AAPI Teen Calls for Change in English Department
Dear English Department,
A common goal for most communities and school districts is diversity and inclusion, but how does this actually affect students? How do we make our students feel valued and heard? When the topic of racism comes into the conversation people may become defensive or feel targeted. This can lead to an uncomfortable atmosphere for both teachers and students, but it is critical to get past that in order to create a more inclusive environment. To further the student's education on being antiracist means being able to overcome those uncomfortable feelings and acknowledge the previous bias or misguided actions that even teachers may have.
For our assigned reading at school, we read Stamped by Jason Reynolds. It is explicitly said that one can not just read the book. We cannot just repost or hashtag and expect our community to become more inclusive. Being an antiracist is a constant choice that we need to make. This is why I think our English department needs a change in the unit for the next group of ninth graders.
This book is an excellent way to get students to dive deeper into a history we currently know only one side of, but if we expect this one book to be enough to educate our students on racism we would be mistaken.
This book exposes a deeper understanding of the historical figures and beliefs that we were unaware of. It explains that one person is not confined to being only a racist, assimilationist or antiracist, instead people can have a more fluid mindset.
This is helpful to the students struggling with being antiracist, and may think they cannot change their actions. Just like the historical figures Reynolds mentions, who were able to change their beliefs early in their lives, I believe students can break from how they think their previous actions defined them.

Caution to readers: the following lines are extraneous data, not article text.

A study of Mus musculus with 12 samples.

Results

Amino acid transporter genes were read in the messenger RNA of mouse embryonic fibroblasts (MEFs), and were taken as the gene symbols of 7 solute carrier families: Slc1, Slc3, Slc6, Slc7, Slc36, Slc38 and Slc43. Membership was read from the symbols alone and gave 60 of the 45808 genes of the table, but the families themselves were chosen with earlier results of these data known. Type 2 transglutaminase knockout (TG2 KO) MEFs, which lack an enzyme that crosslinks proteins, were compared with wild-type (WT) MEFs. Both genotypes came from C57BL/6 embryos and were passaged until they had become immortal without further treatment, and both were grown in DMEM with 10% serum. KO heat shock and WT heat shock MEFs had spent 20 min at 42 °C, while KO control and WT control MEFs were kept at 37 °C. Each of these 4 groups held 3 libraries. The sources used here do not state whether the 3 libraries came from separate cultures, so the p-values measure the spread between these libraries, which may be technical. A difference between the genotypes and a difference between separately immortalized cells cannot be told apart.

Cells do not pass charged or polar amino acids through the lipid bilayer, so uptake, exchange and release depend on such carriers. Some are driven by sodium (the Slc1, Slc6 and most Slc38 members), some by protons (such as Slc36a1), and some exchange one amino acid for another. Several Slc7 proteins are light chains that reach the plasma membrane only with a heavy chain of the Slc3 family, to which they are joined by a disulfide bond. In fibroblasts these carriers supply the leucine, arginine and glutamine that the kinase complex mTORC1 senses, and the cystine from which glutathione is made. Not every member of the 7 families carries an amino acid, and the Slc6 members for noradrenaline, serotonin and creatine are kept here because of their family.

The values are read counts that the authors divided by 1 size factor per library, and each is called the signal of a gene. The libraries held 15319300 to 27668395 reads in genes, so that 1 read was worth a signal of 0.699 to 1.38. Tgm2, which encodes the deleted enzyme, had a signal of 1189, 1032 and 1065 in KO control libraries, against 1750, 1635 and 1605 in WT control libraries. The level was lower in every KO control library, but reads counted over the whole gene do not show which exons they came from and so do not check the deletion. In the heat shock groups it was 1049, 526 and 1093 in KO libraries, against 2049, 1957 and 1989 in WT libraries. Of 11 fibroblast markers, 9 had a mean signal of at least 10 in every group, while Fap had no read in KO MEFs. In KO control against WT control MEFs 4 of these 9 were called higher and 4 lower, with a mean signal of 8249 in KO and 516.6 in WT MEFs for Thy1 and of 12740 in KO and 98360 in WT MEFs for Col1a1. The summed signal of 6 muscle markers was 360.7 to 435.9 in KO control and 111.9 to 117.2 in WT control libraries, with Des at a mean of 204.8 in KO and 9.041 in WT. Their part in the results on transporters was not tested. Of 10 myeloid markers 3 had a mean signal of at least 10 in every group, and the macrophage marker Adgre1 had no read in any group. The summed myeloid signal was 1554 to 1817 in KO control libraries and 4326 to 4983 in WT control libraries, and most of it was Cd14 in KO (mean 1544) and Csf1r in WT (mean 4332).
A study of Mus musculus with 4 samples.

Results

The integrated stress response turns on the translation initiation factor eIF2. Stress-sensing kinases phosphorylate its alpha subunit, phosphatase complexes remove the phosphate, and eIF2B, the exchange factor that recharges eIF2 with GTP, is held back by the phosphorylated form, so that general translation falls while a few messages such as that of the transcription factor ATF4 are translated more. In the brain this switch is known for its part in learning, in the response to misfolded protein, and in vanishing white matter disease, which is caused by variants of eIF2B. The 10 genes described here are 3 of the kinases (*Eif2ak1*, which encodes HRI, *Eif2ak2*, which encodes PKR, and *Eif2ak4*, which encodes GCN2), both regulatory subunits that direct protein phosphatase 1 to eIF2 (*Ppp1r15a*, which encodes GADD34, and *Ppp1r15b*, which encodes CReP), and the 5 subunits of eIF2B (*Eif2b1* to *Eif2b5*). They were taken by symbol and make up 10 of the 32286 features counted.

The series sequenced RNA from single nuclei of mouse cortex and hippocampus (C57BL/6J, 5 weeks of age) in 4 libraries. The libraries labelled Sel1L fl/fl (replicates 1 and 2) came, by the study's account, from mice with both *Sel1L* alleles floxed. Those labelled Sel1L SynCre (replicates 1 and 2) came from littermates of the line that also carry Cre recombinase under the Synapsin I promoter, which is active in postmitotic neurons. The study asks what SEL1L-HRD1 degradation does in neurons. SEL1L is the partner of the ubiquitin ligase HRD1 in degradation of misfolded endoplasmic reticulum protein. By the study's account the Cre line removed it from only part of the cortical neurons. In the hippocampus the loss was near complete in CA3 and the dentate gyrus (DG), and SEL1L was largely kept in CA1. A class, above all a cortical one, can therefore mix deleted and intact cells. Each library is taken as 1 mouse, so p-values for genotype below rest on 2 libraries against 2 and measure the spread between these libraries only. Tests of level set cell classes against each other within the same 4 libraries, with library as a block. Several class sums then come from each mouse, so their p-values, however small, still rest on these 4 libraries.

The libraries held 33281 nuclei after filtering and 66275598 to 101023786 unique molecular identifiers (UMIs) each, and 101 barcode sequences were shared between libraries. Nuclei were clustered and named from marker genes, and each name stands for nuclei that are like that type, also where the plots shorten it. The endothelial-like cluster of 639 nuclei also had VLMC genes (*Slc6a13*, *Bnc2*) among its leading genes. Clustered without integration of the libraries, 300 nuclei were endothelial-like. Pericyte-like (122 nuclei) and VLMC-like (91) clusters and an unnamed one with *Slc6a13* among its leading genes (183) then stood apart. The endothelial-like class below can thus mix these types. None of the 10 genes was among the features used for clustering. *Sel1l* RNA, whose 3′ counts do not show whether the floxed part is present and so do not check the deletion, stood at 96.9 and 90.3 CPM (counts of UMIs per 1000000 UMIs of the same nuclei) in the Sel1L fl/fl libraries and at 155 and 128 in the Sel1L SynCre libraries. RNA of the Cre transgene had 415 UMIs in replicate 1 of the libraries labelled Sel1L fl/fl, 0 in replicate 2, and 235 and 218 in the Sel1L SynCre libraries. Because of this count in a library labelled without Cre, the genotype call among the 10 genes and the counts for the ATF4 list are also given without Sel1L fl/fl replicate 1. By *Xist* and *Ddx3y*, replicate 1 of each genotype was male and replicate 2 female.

Our community in Westchester, New York is predominately white. With this comes challenges to value and include everyone. At some point during this unit, it felt like the class objective was more about teaching the students what racism was. There was no acknowledgement of the students sitting in the classroom who have had these racist experiences.
While reading this book I found myself getting very angry and frustrated. Part of my anger was from learning about the people who tried to silence black stories and make them something they're not. Stamped did an excellent job bringing out emotions to inspire change, but this book lacks other important thoughts and facts. Reynolds claims Stamped is a book about race, here and now, all about racism, but the book only talks about what Black Americans have been through.
Yes, the struggles that Black Americans have gone through in this country are an important part of the conversation. It is vital to learn about Black history because it is our American history. However, Black Americans are not the only group to be discussed. For a book that claims it is all about race, Stamped barely touches on other marginalized groups in this country.
I found myself getting particularly upset was when he mentions the attacks on September 11th, 2001. The writing on 9/11 was a mere paragraph, not even a page. Then, he goes on to talk about standardized testing. Reynolds does not talk about how 9/11 affected South Asians, and Muslims. He coincidentally left out the dark history of others too. He mentions nothing of the Chinese Exclusion Act, Japanese concentration camps, the case of Ling Sing, or even the murder of Latasha Harlins and Vincent Chin.
Reynolds barely touches on the tortures and genocide Indigenous Americans have experienced which I felt was extremely vital information. Students of color should not have to go out of their way to learn their American history. This creates a very dismissive environment within the school community as opposed to an open and inclusive one.
Our past school curriculum on racism was a giant iceberg that the school district completely ignored. These discussions on racism in the past and how they affect us today are important, but the current curriculum feels almost performative if there is no inclusivity and diversity in our education. We can not assume that the students who are reading this book and participating in our class discussions will suddenly go out of their way to become antiracist and inclusive to all students. This is especially so if they are only being educated on the racism of just one marginalized group.
Education on our collective history is not just important for students, but also for teachers. After all, a person can have good intentions, but without awareness, teachers can perpetuate racist beliefs and stereotypes that hurt a marginalized student body too.